Defining Democracy In Egypt
GUY RAZ, host:
Now the loudest protest voices in Egypt are calling for democracy. Egypt officially regards itself as a democracy. But most Egyptians call that a sham. And the young people demanding true democracy have never lived in one. In fact, they've never known any other system of government besides the one led by Hosni Mubarak. There are, of course, no clear models in the Arab Middle East, so what might an Egyptian democracy look like?
It's a question I put to Samer Shehata who teaches Arab politics at Georgetown University.
Professor SAMER SHEHATA (Arab Politics, Georgetown University): I think the keyword is might and hopefully look like. And Egyptian democracy, I think, would look like a political spectrum that includes socialist ideas, that includes liberal ideas, certainly capitalist interests would be represented. Interests of business, labor, for the first time in a very long time, I think, would be represented. And there are millions of Egyptian workers who have been very active over the last three or four years.
And then, of course, there would be not one but a range of, I think, Islamist perspectives, including most notably the Muslim Brotherhood, not as a dominating force, but certainly there on the political scene. And there probably will be some elements, some of the cleaner elements that were previously associated with the old ruling party, where the regime in one capacity or another.
RAZ: Samer, when we hear about building a new democracy, rebuilding a democracy in Egypt, we're not necessarily talking about a liberal democracy like the one that, you know, we have here or in Western Europe or are we?
Prof. SHEHATA: Well, I think that's really the only kind of democracy that matters, right? Because a liberal democracy is a democracy that guarantees the rights of minority groups, and that's the kind of democracy that I would hope we develop in Egypt and elsewhere. And...
RAZ: Do you think that is the kind of democracy that people are really talking about?
Prof. SHEHATA: I think a great many people, the majority, actually, of people who talk about politics and who engage in politics are interested in that. Now, of course, there are some elements and some ideas which fall short of that, which privilege Muslim religious status over Christian religious status or that privilege men over women, or in some cases, you know, older people over youth.
And, of course, I don't think that has any place in any kind of a democracy, a liberal democracy and hopefully not in Egypt's future. It has to be based on equality and citizenship for all.
RAZ: Talk a little bit about what happens now. I mean, we know that the military is in charge. What happens next?
Prof. SHEHATA: Well, we don't know. But I think we know what people want, some of the basic things that people want and what should happen next if we're to move forward. One, there has to be the immediate rescinding of the emergency law, a kind of state of emergency or martial law that's been in effect that restricts political activities. There has to be constitutional amendments that guarantee free and fair elections and that allow people to be able to nominate themselves for the post of the president.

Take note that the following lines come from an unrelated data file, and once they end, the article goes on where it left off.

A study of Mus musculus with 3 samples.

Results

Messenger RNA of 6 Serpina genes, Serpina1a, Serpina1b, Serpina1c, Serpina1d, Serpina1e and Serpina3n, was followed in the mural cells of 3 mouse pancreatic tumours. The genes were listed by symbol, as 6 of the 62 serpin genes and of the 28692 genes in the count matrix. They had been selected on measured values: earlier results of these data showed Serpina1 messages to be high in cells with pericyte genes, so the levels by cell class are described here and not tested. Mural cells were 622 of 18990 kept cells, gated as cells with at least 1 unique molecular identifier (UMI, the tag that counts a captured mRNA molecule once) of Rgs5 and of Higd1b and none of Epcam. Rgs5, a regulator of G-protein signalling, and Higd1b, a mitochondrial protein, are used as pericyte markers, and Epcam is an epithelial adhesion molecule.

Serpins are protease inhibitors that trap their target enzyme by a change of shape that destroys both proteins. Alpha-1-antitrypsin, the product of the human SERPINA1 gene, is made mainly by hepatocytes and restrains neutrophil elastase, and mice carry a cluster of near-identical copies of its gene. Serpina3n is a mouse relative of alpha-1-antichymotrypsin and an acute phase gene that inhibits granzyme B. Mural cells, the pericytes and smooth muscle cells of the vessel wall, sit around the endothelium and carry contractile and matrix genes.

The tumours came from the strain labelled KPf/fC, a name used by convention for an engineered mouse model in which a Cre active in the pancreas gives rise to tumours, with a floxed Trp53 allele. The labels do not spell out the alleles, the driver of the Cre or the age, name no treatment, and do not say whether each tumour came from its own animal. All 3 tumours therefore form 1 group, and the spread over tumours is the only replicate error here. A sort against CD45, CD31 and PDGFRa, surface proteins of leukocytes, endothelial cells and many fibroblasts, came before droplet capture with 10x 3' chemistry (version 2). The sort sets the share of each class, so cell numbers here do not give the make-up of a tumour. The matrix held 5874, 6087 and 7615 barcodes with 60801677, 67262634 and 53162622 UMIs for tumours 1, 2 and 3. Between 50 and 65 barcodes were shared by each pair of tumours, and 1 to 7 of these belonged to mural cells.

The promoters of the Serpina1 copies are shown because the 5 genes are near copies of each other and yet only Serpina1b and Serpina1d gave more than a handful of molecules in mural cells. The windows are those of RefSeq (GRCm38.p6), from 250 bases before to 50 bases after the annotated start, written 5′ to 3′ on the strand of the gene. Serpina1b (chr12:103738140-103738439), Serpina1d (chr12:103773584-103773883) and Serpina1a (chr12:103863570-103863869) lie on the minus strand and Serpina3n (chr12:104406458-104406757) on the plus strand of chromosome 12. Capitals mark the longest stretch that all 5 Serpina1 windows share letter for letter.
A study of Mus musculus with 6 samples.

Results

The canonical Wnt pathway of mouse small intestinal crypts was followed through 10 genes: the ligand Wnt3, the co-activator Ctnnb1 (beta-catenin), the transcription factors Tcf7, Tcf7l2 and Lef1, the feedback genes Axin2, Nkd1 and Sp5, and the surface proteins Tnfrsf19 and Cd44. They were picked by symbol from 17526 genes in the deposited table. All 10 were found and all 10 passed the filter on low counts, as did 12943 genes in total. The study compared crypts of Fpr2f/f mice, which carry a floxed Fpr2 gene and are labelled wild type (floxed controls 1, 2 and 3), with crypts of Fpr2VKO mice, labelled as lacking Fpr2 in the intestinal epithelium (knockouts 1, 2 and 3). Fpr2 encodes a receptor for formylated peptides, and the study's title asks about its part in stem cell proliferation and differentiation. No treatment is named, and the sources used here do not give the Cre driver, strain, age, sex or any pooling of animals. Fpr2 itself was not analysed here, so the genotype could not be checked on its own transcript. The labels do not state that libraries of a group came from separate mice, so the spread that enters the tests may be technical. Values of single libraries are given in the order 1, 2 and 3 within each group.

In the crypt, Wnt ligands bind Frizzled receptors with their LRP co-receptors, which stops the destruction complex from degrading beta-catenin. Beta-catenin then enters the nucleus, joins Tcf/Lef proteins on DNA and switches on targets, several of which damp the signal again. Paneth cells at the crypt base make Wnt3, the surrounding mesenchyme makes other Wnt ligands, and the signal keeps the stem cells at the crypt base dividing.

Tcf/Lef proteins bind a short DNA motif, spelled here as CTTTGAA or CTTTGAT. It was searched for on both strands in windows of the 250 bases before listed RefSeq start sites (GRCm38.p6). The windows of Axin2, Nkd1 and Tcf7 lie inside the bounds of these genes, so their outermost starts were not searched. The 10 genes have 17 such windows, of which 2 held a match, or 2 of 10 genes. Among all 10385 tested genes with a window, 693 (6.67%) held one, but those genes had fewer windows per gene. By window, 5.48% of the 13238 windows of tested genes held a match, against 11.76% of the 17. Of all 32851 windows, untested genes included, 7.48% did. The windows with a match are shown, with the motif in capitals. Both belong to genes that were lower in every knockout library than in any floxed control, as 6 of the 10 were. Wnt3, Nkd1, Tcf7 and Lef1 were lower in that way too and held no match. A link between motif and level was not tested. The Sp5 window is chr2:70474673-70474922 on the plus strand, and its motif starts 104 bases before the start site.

I think certainly elections have to take place, but elections under the previous constitution would really be deformed elections because of the amendments that really limit full participation. So elections, but not necessarily in 60 days, for example, as what the present constitution stipulates, what we've seen as an extra constitutional move on the part of the higher military counsel, right? It's not following the letter of the constitution.
So I think the constitution is in abeyance for now and we're gonna have to see what happens. I would hope an interim government, certainly. We don't want people in uniforms running the affairs of state for any length of time. And hopefully, that interim government would be composed of a wide variety of respected known individuals.
RAZ: Samer, obviously, a lot of the faces we've seen on television are young faces. These are young people who have known nothing except Hosni Mubarak. They have lived under no other leadership, no other system of government. They've lived primarily under an emergency law for most of their lives. I mean, how are they going to sort of know what to do, I guess?
Prof. SHEHATA: I think the people are very sophisticated. I mean, they certainly are exposed to the outside world. They're technologically savvy. They proved they can organize under oppressive conditions. And I think they know what they want. I mean, they want freedom. They want to be able to log into Facebook and send Twitter messages. And so, any kind of restrictions on that won't be allowed. They clearly want the right to peacefully protest. That's what they've been doing for the last couple of weeks, elections that actually matter that are free and fair.
But you're right, they're going to have to make it up as they go along. And this isn't over. They're going to have to negotiate with the military authorities that seem to be in charge and continue - and this isn't going to be easy - to make their demands peacefully that Egypt move towards democracy.
RAZ: That's Samer Shehata. He's a professor of Arab politics at Georgetown University.
Samer, thank you.
Prof. SHEHATA: You're welcome.
NPR transcripts are created on a rush deadline by a contractor for NPR, and accuracy and availability may vary. This text may not be in its final form and may be updated or revised in the future. Please be aware that the authoritative record of NPR's programming is the audio.